Domestic & Family Violence

Domestic and family violence is behaviour that is used by one person to control or dominate another person. The court can make a Protection Order (see below) if the following criteria can be met:

1.  Are you in one of the following relationships with the other person?

  • Intimate personal relationships include couples, people who are engaged, married, separated or divorced or people who have a child together.
  • Family relationships include people who are related by blood or marriage e.g. spouse, a child, a parent, a sibling, a grandparent, an aunt or uncle, a cousin, step-relatives, half-relatives and in-laws.
  • Informal care relationships include relationships where one person is dependent on another person for help in their daily lives for things like shopping ,bathing, dressing and meal preparation. The person may or may not receive a carers payment from the government. However, it does not include carers through organisations such as blue care.

2.  Has the other person behaved or continues to behave in any of the following ways towards you?

  • Physical or sexual abuse eg. unwanted sexual contact, hitting or pushing.
  • Emotional or psychological abuse belittling you, making comments about you that make you feel bad about yourself.
  • Economic abuse eg. limiting your access to money or unreasonably making you account for every cent you spend.
  • Threatening behaviour eg. forcing you to behave in a certain way by threatening to hurt you, a child, a pet or someone else.
  • Coercive behaviour eg. behaviours such as stalking, threats including to self-harm, or other intimidation to make you change your mind about something or act in a certain way.
  • Behaviour that in any way controls or dominates or causes you to fear for your safety or wellbeing.

3.  Is a protection order necessary or desirable?

The court needs to find that the making of a protection order is either necessary or desirable to protect you. You must prove to the court that there is a risk of domestic violence, which you need to be protected from.


A Protection Order is also known as a Domestic Violence Order. It is a civil order made by a court that imposes conditions on a person (“the Respondent”) to protect a person (“the Aggrieved”) from domestic violence.

The court can order:

  1. That the Respondent must be of good behaviour and must not commit domestic violence against the Aggrieved.
  2. That the Respondent must not contact with the Aggrieved or ask anyone else to contact the Aggrieved on their behalf.
  3. That the Respondent must not approach within a certain distance of the Aggrieved at any time.
  4. That the Respondent must not approach with a certain distance of the Aggrieves home or work place.
  5. That the Respondent must not publish any material on the internet about the Aggrieved.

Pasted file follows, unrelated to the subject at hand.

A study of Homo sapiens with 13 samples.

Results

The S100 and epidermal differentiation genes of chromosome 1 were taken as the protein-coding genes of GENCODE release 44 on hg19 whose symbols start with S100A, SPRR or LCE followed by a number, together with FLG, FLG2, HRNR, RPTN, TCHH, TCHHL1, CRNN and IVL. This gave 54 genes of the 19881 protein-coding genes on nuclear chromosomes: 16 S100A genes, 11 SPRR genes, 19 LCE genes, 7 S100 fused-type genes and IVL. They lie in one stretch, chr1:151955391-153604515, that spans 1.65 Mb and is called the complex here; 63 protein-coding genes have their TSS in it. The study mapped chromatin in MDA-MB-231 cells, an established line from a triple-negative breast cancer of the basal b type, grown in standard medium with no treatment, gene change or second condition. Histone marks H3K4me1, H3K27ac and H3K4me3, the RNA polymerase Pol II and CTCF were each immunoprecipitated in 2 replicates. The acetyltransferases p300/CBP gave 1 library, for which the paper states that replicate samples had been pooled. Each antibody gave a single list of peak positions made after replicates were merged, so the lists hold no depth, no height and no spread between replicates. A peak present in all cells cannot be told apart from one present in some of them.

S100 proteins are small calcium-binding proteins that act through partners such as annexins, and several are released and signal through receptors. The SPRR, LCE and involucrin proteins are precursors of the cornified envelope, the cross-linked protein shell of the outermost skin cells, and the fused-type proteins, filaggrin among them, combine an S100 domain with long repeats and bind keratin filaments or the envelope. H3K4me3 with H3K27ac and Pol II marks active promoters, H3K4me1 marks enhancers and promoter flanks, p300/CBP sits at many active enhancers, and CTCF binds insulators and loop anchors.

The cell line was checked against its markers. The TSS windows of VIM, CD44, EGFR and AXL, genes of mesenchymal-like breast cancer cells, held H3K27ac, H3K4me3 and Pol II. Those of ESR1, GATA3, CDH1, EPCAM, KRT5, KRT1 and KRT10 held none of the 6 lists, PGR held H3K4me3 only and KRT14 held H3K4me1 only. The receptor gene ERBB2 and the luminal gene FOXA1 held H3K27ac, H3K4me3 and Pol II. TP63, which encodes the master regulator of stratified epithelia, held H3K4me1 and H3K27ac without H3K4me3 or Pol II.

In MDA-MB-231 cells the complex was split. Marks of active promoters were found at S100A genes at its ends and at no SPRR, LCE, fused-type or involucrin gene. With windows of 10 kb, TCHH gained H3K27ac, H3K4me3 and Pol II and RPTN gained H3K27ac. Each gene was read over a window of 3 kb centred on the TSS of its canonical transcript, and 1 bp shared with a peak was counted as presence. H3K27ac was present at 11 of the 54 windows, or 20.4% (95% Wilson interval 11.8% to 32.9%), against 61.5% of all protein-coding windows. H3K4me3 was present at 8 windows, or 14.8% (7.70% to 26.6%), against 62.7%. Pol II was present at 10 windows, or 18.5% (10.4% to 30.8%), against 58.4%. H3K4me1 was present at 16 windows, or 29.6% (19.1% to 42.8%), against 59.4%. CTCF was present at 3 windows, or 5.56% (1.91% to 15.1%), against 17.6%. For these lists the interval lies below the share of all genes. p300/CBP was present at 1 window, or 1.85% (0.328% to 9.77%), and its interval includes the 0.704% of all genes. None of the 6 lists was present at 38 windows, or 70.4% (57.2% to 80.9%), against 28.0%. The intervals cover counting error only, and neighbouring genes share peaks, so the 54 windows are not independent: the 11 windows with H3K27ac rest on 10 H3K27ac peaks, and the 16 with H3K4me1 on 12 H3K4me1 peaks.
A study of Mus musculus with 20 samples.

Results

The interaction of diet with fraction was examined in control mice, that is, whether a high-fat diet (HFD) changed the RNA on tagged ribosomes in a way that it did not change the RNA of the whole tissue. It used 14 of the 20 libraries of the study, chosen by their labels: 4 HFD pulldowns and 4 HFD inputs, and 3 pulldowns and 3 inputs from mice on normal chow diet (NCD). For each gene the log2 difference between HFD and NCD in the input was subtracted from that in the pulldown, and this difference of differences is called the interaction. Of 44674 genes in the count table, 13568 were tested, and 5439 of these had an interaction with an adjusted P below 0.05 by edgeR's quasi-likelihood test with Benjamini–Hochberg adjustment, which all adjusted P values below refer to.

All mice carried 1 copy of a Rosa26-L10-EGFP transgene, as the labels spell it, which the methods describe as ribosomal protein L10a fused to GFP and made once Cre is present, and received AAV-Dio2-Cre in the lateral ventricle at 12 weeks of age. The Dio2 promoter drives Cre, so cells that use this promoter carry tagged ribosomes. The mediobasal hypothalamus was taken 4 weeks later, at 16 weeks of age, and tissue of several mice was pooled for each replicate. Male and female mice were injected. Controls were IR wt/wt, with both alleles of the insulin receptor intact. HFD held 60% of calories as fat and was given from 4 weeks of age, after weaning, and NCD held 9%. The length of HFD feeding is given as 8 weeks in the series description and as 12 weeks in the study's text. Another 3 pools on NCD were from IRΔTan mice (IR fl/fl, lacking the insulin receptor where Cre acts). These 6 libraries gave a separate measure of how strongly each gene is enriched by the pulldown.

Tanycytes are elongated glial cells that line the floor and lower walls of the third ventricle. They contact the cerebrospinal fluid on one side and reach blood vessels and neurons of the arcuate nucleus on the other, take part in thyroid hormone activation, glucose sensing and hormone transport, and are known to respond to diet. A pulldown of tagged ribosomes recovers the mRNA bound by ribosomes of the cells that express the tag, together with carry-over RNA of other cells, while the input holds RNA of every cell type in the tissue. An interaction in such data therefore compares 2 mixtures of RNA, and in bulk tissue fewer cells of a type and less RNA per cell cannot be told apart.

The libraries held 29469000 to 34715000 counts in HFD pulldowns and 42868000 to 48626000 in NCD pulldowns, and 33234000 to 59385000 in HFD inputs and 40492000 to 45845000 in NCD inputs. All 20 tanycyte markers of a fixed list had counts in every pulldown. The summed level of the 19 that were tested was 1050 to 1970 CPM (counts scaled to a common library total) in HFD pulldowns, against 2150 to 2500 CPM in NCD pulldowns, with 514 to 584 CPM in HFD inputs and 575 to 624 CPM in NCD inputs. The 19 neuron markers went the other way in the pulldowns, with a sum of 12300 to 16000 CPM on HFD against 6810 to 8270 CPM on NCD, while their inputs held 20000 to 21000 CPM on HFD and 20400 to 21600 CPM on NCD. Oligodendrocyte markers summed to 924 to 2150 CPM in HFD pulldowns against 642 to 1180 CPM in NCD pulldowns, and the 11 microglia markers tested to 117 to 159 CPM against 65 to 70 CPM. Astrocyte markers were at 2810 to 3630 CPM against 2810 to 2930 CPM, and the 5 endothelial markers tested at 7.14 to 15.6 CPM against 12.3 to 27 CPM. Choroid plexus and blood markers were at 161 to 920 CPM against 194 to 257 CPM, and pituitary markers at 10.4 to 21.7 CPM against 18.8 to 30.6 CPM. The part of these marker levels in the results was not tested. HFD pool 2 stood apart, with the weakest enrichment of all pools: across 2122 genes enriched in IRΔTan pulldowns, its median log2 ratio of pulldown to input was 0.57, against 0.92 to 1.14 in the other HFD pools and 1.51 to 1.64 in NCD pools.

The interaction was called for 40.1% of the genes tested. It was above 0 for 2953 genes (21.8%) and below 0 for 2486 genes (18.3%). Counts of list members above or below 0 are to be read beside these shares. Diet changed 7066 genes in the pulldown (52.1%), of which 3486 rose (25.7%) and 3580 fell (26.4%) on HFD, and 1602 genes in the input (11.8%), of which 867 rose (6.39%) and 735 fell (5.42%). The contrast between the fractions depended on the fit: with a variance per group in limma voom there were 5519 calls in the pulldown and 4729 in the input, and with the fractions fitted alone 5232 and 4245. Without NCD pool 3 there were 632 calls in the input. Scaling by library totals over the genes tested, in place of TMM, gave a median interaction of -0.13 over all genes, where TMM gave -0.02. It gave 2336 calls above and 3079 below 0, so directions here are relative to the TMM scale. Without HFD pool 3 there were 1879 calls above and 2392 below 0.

6. That the Respondent is prohibited from locating the Aggrieved.
  7. Any other order necessary for the Aggrieves protection.

Orders can also be made to remove the Respondent from the home that you share together and for the collection/retrieval of property. The court can name other people on the order, such as relatives or children, who are also affected by the domestic violence. The above orders can be made in relation to these people.

A Protection Order is a final long term order that can last for up to five years. The court can make a Protection Order if the Respondent fails to attend court when required, if the Respondent agrees to the order being made or the matter proceeds to trial and the Magistrates finds that the order is necessary for your protection.


The court has the power to make a Temporary Protection Order or a Protection Order. A Temporary Protection Order is a short term order which is made while your matter is being heard at court.


You can apply for a Protection of if you are:

  • The person affected by domestic or family violence (“the aggrieved”); or
  • An authorised person for the aggrieved e.g. friend or relative of the aggrieved.

To apply for a Protection Order you need to complete an Application for a Protection Order and file the Application at your local Magistrates Court. Right-click & select ‘save link as’ to download any of the below documents.

If you have an existing Protection Order and you need to vary the terms, you need to complete an Application to Vary a Domestic Violence Order and file the Application at your local Magistrates Court.

If you have concerns about your safety when attending court, complete a Safety Form and provide it to the Court Officer when filing your Application, so security measures can be put in place.

If you do not want your address disclosed to the other party, complete a Confidential Address Form and provide if to the Court Officer when filing your Application.


If the other person does not comply with the Protection Order, you should report the incident to the Police. If the Police believe there is enough evidence, the Police will charge the other person with a breach of the Protection Order. The matter then becomes a criminal matter.


We can give you experience and guidance with:

  • Drafting, filing and serving documents
  • Advice
  • Attending court
  • Attending a trial
  • Representation of applicant or respondant.

Call us to discuss your situation today.


Download the booklet below by the Queensland Government which explains the Domestic and Family Violence Protection Act 2012 and provides information about seeking protection.

Domestic & Family Violence Booklet – Legislation explained –
The Domestic and Family Violence Protection Act 2012

Call us today

Call us on (07) 5576 6009 to arrange a time to come in and discuss your family law issue with an approachable, experienced lawyer.